Understanding MAdhyamaka - 1
vpcnk at HOTMAIL.COM
Tue Jun 13 15:15:58 CDT 2000
By the title, "Understanding MAdhyamaka", I don't mean to imply that I've
understood it perfectly and am trying to make others understand. I consider
even this article as part of my effort in trying to understand philosophy.
As Aristotle says, one person can see one side of a problem. Another can see
another side. Many can see all sides.
It is in this spirit that I present my views. If inconsistencies are found
in my views, please feel free to express them and we can have a constructive
discussion to resolve them. I'm more than ready to learn and understand.
Philosophical conditions before the advent of the MAdhyamaka
Principally there were two streams - the AtmavAdins or those
who advocated an eternal Self and the nairAtmavAdins or
those who denied it. The Brahmanical schools and the JainAs
fall in the first category and the early Bauddhas fall in
The Upanishads teach that Brahman made the world out of itself
and is thus the material cause of the world. But how do we
distinguish Brahman from the phenomenal world and what's the
significance of this with personal salvation?
The AtmavAdins simply didn't know. If one's to be beyond
pain and suffering, he should always be thus. It cannot be
that one can evolve from suffering to liberation. Also the
shruti taught that that man's true nature was beyond the
pleasures and pains of the world. So the main quest was to
find the true Self of man - which would be the unchangable
substance underlying the modes.
In that process they seperated the subject from the object
- i.e, purusha from prAkriti or the Atman from the paramAnu -
pushing everything which can be related to pain and suffering
i.e, the mind and the body, to the side of matter apart from
the subject - the Self. But what was the Self - though the
shruti taught that the Self was beyond the intellect, the early
philosophers couldn't resist from speculating. In their quest
for an entity in man which could be identified as being apart
from the pain and suffering, some identified it with
consciousness and some with non-consciousness.
They said knowledge of the true nature
of things - the subject and object - will result in liberation.
All the AtmavAdins insisted that the Self was neither the body
nor the senses nor the mind and that it was eternal and beyond
suffering. The Self was the underlying essence in man and to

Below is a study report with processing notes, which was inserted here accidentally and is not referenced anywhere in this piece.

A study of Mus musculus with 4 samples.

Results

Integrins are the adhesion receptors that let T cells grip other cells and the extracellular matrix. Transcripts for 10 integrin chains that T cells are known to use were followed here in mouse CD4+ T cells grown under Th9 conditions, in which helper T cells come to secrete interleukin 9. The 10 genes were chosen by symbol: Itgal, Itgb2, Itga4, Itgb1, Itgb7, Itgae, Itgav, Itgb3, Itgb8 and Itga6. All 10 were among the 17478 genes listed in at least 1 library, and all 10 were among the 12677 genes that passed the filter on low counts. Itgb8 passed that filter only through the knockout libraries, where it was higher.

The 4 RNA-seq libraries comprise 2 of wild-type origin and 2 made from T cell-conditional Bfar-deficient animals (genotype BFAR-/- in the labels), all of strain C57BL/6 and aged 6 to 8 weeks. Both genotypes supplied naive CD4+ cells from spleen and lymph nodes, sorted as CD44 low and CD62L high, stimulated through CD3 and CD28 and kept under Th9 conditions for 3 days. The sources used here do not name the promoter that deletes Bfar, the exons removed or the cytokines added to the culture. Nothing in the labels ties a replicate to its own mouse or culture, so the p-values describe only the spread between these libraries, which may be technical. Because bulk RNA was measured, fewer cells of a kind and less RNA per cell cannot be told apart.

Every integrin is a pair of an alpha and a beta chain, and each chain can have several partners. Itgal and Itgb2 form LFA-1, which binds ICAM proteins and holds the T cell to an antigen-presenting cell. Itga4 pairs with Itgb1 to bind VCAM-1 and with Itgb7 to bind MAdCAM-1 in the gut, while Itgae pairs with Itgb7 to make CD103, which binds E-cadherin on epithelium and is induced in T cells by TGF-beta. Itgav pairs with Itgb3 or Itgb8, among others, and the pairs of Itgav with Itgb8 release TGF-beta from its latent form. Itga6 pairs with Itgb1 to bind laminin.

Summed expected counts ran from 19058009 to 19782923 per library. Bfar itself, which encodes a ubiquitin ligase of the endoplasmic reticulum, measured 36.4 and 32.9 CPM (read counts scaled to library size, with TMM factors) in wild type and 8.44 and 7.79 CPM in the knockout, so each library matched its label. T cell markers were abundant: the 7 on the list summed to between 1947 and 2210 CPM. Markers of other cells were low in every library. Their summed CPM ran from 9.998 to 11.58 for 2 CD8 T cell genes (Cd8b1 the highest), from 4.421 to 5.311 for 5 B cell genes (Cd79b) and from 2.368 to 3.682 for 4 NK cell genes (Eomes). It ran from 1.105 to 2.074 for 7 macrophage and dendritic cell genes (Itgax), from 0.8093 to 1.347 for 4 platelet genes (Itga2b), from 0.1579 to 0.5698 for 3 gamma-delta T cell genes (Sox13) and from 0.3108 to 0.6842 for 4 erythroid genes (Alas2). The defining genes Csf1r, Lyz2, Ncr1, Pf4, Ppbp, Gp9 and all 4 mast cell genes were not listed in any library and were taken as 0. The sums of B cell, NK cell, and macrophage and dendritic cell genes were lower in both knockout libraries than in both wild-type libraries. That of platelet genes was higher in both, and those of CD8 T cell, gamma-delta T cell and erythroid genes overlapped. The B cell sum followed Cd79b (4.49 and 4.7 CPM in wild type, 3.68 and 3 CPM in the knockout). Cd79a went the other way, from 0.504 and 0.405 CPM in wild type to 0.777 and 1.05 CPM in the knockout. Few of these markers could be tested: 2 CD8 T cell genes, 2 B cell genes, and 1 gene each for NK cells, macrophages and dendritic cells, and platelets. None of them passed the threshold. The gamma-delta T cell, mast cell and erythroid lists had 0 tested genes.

know this Self or to know the object as different from the
subject would lead to liberation. Since personal salvation was
at stake, all the AtmavAdins asserted that there was a plurality
of souls. The proto-VedAntin - the Aupanishada - might have been
an exception in the plurality of souls category. But since we do
not really know about VedAnta between BAdarAyana and GaudapAda,
we shall not speculate.
The object - the material world and the mental faculties - was
generally accorded a seperate reality. But this is not truly
consistent with the teachings of the Upanishads, which teaces
the underlying unity of all things.
The Buddha truly made a remarkable contribution to philosophy
with his theory of anatta or the, "no self". As NAgArjuna was to
observe later, this is what brings forth a logically consistent
The early bauddhas interpreted anatta as lack of substance
or essence in anything. They decried the eternal Self as egoistic
and as the main obstacle towards liberation. For them, there's
no underlying essence in anything. The modes are that
which make a thing and the substance is a figment of imagination.
For e.g a chariot is made up of parts. The chariot is just a
word to describe the coming together of parts and without
the parts there's no chariot. So a chariot doesn't exist in
the absolute sense. Likewise a man is also made up only of
the five skandhas - form, feeling, perception, intelligence
and predispositions. Coming together in a particular form
he's an individual. But there's no permenant Self apart from
So what's nirvAna?
NirvAna is what comes after the cessation of consciousness.
But what it is, can never be expressed.
And from these two positions of substance and modal views, both
sides fought for a while.
Ashvaghosa is probably the first philosopher who explored the
real significance of the anatta doctrine. Anatta doesn't mean
no self or lack of substance, but it means in one way the unreality of
the phenomenal self and in an other way, the selflessness of the
real self which underlies the phenomenal self. If the self as we
know it itself were real, where's the meaning in liberation? And
if there were no self, who's to be liberated? Even the Astika schools
were agreed on that individuality ceases to exist in the ultimate
state. When all subjectivity and individuality is erased, where's
there an individual self? The real Self is just pure consciousness,
the real nature of which is identical with the rest of the world.
(Ashvaghosa actually uses the word "Atman" to describe the Self).
NirvAna is just a higher level of consciousness where all
contradictions are reconciled. So samsAra and nirvAna are like two
sides of the same coin.
In Ashvaghosa, the germs of the later systems of shUnyavAda,
vijnAnavAda, advaya, the two levels of reality are all found.
History has it that he was a VedAntin who was converted to
Buddhism. A Chinese tradition names him as the guru of NAgArjuna
NAgArjuna is probably the most important logician in Indian philosophy
because, it is he who provides a logical explantion of how the world
can be real as well as unreal. This is the key which would give logical
explanation to the theory of the Upanishads, that the world is but
Brahman itself and not anything apart from it.